Photo Credit: Ethan Norris
The new Rigid Hull Inflatable Boats were tested off the coast of Long Beach, California, prior to their deployment to Palmer Station.

Bigger Boats, Better Science

New boats for Palmer Station should dramatically increase the capabilities of researchers working there.

Two new boats on their way to Palmer Station will soon allow researchers to dramatically extend their time out on the water, and the distance away from station they’re able to travel while reducing their risk and exposure to the elements.

Scientists and support staff disembark from an Airbus A319 at Pegasus airfield
Photo Credit: Ethan Norris
Marine Tech Ross Hein tests a swing arm that will be used to deploy equipment off the side of the boat.

The new Rigid Hull Inflatable Boats (RHIBs), scheduled to arrive in the coming months, will complement the fleet of smaller boats already at the station. “We’re really expanding the area around Palmer Station where scientists can collect seawater, sample the seafloor, or conduct net tows for important mid-water organisms,” said Tim McGovern, ocean projects manager in the National Science Foundation’s Division of Polar Programs. The division manages the U.S. Antarctic Program.

These new boats come as the result of a recommendation in the 2012 U.S. Antarctic Program Blue Ribbon Panel on future directions of the program.

Though the new 34-foot-long RHIBs will be both faster and have larger fuel tanks, it’s their safety features that really extend the range of research around the station.

A shipbuilder works on the hull of one of the RHIBs what it was being built in Alabama
Photo Credit: Ethan Norris
A shipbuilder works on the hull of one of the RHIBs what it was being built in Alabama.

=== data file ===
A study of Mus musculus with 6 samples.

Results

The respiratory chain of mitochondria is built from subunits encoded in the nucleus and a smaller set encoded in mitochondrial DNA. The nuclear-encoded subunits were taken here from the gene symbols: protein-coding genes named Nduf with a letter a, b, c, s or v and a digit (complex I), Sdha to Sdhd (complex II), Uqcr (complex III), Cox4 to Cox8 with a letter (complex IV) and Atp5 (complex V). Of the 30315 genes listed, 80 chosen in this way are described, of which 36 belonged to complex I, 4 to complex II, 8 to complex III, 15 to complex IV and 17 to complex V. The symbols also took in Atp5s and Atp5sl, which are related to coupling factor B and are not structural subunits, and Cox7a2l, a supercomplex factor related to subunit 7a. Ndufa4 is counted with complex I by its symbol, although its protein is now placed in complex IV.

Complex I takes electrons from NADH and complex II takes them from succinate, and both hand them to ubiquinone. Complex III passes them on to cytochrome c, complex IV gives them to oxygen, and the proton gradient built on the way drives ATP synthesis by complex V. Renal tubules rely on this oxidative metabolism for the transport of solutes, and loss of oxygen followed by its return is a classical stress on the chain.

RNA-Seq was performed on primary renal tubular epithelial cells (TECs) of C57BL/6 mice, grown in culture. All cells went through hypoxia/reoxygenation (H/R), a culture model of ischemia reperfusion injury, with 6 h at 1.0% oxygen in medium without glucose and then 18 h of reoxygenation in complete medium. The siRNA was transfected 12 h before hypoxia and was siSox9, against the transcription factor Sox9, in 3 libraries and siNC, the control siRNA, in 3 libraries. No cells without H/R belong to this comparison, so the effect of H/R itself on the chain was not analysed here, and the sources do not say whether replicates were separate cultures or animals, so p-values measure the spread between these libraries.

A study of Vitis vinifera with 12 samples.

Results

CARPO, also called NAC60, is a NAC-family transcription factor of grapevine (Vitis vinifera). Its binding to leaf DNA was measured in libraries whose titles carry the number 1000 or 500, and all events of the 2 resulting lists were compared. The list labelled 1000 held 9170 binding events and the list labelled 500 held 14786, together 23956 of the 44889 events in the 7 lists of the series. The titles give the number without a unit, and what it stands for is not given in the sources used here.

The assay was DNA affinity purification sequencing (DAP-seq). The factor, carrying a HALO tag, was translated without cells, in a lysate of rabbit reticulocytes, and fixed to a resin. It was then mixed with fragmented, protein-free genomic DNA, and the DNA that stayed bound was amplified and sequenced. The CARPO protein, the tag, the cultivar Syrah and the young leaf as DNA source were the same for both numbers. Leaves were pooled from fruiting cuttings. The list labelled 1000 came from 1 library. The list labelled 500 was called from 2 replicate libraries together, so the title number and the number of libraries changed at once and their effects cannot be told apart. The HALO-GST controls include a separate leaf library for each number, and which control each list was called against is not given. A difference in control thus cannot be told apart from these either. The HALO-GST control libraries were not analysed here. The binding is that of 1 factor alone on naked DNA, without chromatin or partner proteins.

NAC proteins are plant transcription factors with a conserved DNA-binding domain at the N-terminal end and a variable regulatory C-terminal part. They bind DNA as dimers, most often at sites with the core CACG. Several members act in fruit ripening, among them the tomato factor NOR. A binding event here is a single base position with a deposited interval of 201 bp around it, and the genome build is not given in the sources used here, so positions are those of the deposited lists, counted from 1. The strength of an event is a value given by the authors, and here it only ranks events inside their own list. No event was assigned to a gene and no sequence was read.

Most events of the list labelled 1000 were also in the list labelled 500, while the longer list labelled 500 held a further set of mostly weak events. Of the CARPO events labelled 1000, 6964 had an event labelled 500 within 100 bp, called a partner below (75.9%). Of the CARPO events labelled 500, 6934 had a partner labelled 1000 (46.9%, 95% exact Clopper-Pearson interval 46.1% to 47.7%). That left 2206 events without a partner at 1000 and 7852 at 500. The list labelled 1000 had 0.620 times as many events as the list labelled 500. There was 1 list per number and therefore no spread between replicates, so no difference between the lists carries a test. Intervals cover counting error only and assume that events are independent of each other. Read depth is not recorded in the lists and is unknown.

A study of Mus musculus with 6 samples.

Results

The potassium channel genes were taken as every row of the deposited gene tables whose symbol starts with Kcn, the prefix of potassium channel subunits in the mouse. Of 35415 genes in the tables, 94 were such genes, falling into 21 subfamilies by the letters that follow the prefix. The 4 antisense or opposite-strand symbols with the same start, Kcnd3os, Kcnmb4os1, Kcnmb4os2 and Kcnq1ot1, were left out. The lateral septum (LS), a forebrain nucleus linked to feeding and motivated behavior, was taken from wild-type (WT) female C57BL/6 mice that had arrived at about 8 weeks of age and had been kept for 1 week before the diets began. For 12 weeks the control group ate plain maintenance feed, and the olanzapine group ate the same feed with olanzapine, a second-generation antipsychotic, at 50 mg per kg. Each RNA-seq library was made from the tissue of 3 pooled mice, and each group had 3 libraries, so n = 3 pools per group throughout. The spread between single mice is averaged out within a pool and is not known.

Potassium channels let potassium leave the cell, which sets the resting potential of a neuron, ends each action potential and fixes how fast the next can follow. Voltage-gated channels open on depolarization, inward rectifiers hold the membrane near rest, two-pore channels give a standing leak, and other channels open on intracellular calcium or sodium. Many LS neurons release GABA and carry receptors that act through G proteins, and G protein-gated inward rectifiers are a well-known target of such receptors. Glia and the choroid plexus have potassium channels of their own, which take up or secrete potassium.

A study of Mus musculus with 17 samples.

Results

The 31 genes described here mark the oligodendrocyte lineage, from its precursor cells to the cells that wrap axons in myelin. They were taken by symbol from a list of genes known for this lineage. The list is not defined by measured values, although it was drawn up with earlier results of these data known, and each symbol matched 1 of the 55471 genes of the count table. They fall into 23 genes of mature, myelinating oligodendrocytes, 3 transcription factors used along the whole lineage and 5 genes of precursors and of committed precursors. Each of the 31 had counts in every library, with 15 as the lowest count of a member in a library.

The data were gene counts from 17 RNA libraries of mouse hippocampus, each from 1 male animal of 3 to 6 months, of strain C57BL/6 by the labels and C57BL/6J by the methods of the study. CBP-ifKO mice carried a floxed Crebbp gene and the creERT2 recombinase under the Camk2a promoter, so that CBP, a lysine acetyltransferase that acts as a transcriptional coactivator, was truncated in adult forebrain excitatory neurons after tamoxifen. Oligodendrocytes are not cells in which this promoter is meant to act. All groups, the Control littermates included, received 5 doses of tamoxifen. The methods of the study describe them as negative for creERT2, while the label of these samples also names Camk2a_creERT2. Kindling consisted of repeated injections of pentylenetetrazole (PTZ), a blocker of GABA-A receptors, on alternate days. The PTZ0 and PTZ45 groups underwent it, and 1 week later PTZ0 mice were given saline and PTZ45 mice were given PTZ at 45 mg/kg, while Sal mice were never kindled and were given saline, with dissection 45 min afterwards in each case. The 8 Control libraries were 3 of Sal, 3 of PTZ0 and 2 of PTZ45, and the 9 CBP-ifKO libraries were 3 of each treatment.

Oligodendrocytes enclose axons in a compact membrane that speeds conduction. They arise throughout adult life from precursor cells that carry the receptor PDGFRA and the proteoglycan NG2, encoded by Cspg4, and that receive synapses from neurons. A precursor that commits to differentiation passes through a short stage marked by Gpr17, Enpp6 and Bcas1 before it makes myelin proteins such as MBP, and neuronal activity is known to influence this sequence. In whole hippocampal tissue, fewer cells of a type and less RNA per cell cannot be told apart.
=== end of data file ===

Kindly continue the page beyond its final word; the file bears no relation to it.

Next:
“One of the main safety concerns is being out far away from station and having someone get hypothermia from being exposed to the elements for long periods of time,” said Ethan Norris, Antarctic Program marine area manager.

The inflatable boats and the landing craft presently at the station are all open-platform vessels, meaning there’s no protection from the weather. Crews stay relatively close to the station so they can return to shelter quickly should a storm move through. The RHIBs however have an enclosed compartment protected from the elements.

“That is one piece of it that allows you to be able to stay out and go out further and longer,” Norris said. “Now we can cut [their return] time in half and we can also put that person inside where there’s a heated space.”

With the enclosed area, crews should be able to stay out on the water for up to 18 hours and be able to spend more time collecting samples and deploying scientific instruments. Previously, with the open platform boats, researchers were limited to about six hours in the boats.

In addition, the larger boats will be better designed for scientists to collect samples from the ocean. The winches on the back of the boats will be able to tow much heavier loads in the water, so researchers can tow and trawl for fish, krill and crabs, or take sediment cores from the bottom of the sea, even when the larger research vessels aren’t in the area.

After a series of successful tests and trial runs, the two RHIBs are scheduled to arrive at Palmer Station in March and June respectively
Photo Credit: Ethan Norris
After a series of successful tests and trial runs, the two RHIBs are scheduled to arrive at Palmer Station in March and June respectively.

Though it has inflatable in the name, the hulls of the new boats are not inflatable in the same sense that the boats already operating out of Palmer Station are. “The rigid hull inflatables have a hard bottom allowing it to be a sturdier platform. It gives it the rigidity required to operate heavy equipment over the side,” Norris said. “The inflatable portion of it is the pontoon around the side.”

That inflatable pontoon, which is also partially filled with foam, helps to stabilize the boat in choppy seas and helps keep the boat afloat if it’s damaged and taking on water. Much of the research at Palmer Station is focused on oceanography and the biology of the adjacent waters. With no airfield, boats are the primary means of transport from the remote station to the nearby islands.

“Palmer Station is primarily a maritime station. It’s a maritime station where scientists go out and collect samples from the ocean and provide that long term feedback of what is happening in that ecosystem,” Norris said. “This will help them provide that same data hopefully more quickly and more reliably.”

The first of the new boats is scheduled to arrive at the station sometime in March, and the second in June.